I was inspired to write this blog because of a really interesting conversation I had with another healthcare professional in relation to my marathon training at the moment.

During the conversation I said quite flippantly that the training was just mind over matter and as I have learnt many ways of controlling my mind over the years, I’m pretty sure I would be fine.

Later during a half marathon, I had quite a lot of time (I’m not a very fast runner) to think about this statement and consider what does it really mean and Is it in fact a good idea?

 

What do we mean by “mind over matter”?

Whenever I have heard this phrase used, it seems to mean using mental fortitude to overcome some physical pain or barrier and therefore succeed at something that maybe seemed impossible or unlikely to achieve.

I figured I would check online and see if this was correct, this was the Oxford dictionary definition:

“The use of willpower to overcome physical problems.”

 

Examples of mind over matter:

One interesting example of mind over matter is the placebo effect. This is where a belief produces a physical change in someone, often seen in and accounted for in drug trials.  

A funny example of this was an experiment done in Princeton, where experimenters threw a keg party. What the people at the party didn’t know was that they had filled the kegs with alcohol free beer however this did not stop them acting silly, slurring their speech and sleeping on the floor. It was the placebo affect that made them think they were drunk and it was strong enough to alter their behaviour.

Clients use mind over matter when we work with hypnotherapy and cognitive behavioural therapy because they are learning to control their thoughts and anxiety levels, and this causes a reduction in the symptoms they experience.

Visualisation is another example of mind over matter. I often do this with clients and combine it with hypnosis and there is evidence that practicing an event in your mind improves your physical capabilities. It is very popular amongst sports people and I use it in clinic to help people practice for events they are anxious about such as giving a talk or getting on a plane.

Mind over matter can also be used to control pain. In the UK a person with chronic pain can get sessions through the NHS and privately to teach them ways to control pain. This can be in the form of hypnosis, self-hypnosis, meditation and mindfulness and give clients the tools to moderate their own pain levels.

How does it work?

The simple answer to this is to do with attention. Your brain can’t respond to everything all of the time, it has to be selective as to what it accepts stimulation from.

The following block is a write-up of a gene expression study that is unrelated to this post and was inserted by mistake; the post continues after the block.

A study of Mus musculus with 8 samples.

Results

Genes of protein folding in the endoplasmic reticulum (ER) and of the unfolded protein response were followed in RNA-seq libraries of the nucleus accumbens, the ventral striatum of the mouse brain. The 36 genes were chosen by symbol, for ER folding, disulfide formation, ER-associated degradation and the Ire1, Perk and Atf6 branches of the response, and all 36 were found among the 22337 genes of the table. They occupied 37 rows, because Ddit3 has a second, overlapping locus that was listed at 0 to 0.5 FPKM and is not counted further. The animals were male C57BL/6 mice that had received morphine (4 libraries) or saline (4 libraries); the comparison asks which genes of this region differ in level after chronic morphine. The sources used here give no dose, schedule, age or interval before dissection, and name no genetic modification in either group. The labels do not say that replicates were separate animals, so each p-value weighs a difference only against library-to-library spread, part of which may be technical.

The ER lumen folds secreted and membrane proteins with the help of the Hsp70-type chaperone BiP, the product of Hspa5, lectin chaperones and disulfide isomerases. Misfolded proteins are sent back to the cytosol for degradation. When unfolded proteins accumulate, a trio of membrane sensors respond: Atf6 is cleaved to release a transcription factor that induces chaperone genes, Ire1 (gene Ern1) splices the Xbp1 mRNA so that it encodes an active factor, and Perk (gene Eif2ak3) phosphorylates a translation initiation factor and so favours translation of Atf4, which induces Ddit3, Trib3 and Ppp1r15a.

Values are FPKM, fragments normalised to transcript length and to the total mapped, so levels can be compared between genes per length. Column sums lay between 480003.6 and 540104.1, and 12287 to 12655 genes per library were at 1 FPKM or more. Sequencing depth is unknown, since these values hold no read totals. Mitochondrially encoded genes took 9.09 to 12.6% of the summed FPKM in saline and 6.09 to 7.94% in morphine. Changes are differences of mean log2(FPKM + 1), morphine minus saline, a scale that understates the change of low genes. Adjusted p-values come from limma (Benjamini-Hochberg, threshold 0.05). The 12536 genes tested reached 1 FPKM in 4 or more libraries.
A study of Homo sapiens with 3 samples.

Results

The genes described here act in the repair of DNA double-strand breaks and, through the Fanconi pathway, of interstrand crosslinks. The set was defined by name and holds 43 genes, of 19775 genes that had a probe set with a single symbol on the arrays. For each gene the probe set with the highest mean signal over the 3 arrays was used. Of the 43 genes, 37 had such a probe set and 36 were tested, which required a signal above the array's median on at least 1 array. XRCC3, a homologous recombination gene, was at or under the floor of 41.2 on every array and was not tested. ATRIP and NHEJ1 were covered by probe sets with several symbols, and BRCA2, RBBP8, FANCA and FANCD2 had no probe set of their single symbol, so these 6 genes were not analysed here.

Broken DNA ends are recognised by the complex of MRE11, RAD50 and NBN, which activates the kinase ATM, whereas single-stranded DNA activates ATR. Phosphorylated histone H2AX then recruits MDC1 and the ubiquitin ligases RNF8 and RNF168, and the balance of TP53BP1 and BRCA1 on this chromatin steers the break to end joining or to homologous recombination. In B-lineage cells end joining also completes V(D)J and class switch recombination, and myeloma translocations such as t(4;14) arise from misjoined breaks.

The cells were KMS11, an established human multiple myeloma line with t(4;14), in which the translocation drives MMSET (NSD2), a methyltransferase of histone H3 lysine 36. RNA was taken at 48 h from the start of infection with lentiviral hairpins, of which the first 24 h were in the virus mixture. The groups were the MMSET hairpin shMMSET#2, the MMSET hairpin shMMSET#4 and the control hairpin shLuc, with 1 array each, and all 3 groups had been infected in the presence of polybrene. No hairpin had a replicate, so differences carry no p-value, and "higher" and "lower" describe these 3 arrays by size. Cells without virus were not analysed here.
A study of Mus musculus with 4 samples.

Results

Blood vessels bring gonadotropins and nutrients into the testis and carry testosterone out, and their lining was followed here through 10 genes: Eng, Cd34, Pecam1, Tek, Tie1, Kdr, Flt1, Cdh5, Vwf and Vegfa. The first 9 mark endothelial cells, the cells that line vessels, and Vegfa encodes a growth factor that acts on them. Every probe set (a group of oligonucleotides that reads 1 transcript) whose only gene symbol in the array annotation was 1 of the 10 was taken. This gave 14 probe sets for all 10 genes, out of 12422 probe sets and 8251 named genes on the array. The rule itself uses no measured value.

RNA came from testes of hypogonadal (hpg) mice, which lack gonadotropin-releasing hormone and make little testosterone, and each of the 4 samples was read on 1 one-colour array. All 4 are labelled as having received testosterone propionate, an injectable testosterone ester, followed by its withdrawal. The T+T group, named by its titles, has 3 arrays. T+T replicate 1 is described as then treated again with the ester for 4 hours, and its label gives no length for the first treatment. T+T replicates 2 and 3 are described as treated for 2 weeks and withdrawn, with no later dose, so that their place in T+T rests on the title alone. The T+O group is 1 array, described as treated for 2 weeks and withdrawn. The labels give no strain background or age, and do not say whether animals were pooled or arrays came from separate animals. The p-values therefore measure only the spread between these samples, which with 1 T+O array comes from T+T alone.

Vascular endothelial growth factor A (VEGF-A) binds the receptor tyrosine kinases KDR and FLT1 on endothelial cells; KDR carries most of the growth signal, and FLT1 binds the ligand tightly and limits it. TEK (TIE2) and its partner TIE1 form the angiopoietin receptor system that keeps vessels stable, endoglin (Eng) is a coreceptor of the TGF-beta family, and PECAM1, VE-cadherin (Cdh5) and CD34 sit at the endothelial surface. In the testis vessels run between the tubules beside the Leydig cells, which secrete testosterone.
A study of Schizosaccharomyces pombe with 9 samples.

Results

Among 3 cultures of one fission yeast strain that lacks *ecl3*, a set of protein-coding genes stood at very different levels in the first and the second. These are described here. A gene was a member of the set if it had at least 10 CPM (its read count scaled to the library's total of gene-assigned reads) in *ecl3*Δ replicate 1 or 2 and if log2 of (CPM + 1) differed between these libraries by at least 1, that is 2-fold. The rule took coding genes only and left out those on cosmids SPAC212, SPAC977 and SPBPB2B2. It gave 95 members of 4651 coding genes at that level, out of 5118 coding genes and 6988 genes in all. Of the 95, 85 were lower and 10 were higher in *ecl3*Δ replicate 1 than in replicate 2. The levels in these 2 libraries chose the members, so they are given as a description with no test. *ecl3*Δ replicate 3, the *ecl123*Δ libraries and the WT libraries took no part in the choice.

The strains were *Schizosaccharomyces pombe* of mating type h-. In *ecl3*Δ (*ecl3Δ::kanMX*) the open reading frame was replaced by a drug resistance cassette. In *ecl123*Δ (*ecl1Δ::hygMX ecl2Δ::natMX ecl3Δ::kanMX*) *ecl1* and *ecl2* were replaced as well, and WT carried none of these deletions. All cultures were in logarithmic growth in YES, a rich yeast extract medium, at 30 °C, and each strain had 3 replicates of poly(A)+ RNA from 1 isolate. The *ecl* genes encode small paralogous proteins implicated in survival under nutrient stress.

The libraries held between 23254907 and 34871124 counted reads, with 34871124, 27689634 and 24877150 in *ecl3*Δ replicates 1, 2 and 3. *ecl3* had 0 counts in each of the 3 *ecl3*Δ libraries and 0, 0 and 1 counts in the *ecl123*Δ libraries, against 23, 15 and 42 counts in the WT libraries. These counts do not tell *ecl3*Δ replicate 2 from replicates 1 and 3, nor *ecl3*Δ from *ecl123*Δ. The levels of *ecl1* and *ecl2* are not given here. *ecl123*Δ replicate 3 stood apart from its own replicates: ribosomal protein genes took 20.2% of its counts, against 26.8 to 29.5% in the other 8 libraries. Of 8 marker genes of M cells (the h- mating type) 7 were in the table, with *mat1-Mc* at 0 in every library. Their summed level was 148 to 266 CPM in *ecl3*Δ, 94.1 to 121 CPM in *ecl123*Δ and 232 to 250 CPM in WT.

In the example of the alcohol-free party, the people taking part in the experiments would have been processing a huge number of stimuli from their surroundings, social engagements, the atmosphere and of course what they are consuming. For most people, their attention would be on enjoying the party not analysing what they were drinking or questioning whether the beer had alcohol in. Whilst absorbed in the party they would be falling back on old neural patterns of party behaviour or acting in a way that they have seen drunk people acting.

When it comes to pain, diverting the attention away from the pain can have a significant impact on the quality of life of that person. When a person dwells on their pain it becomes more intense as more of the brain is processing that stimulus, when their attention is elsewhere the pain is reduced as they are engaged in something else.

When can mind over matter be bad?

It seems that mind over matter is a really good thing however there are times when there could be negative consequences.

The nocebo effect is the opposite of the placebo effect, in this case the mind can cause physical change that is damaging to the person. Examples of this would be believing that medication won’t work. We see this a lot in therapy and healthcare that clients who don’t like their therapist or doctor on average don’t get as good results as those who have a positive relationship.

Another great example of this are people who read the side effects of medication and then start to feel them.

Mind over matter can also be bad if it leads you to ignore important feedback from your body. As I mentioned, at time of writing I am training for a marathon and that comes with some inevitable aches and pains. Now, I am really lucky that I have a partner who is a sports chiro and so I trust his advice when I do start to struggle with issues.

Where the mind over matter could cause problems here is if it leads you to ignore pain that could develop into something more serious and ultimately stop you from training. The challenge here is learning what feedback you need to listen to and what you can ignore.

Sometimes even negative thinking can be an example of mind over matter gone bad. Great examples of this are thinking you can’t do something without evidence, thinking about the worst case scenario or focusing on past failures.

There is a great quote by Henry Ford that says:

“Whether you think you can or you can’t – you’re right”

 

So, is mind over matter a good idea?

At this point I have listed some pros and cons so I am interested to know what you think!

Drop me an email to [email protected] and let me know, I’ll even feature your comments on the blog.

My opinion is that it is neither good or bad, its an option and a choice you can make. If you can build up enough self -awareness to understand when you might be using it in a negative way then you can choose to use it in a positive way instead.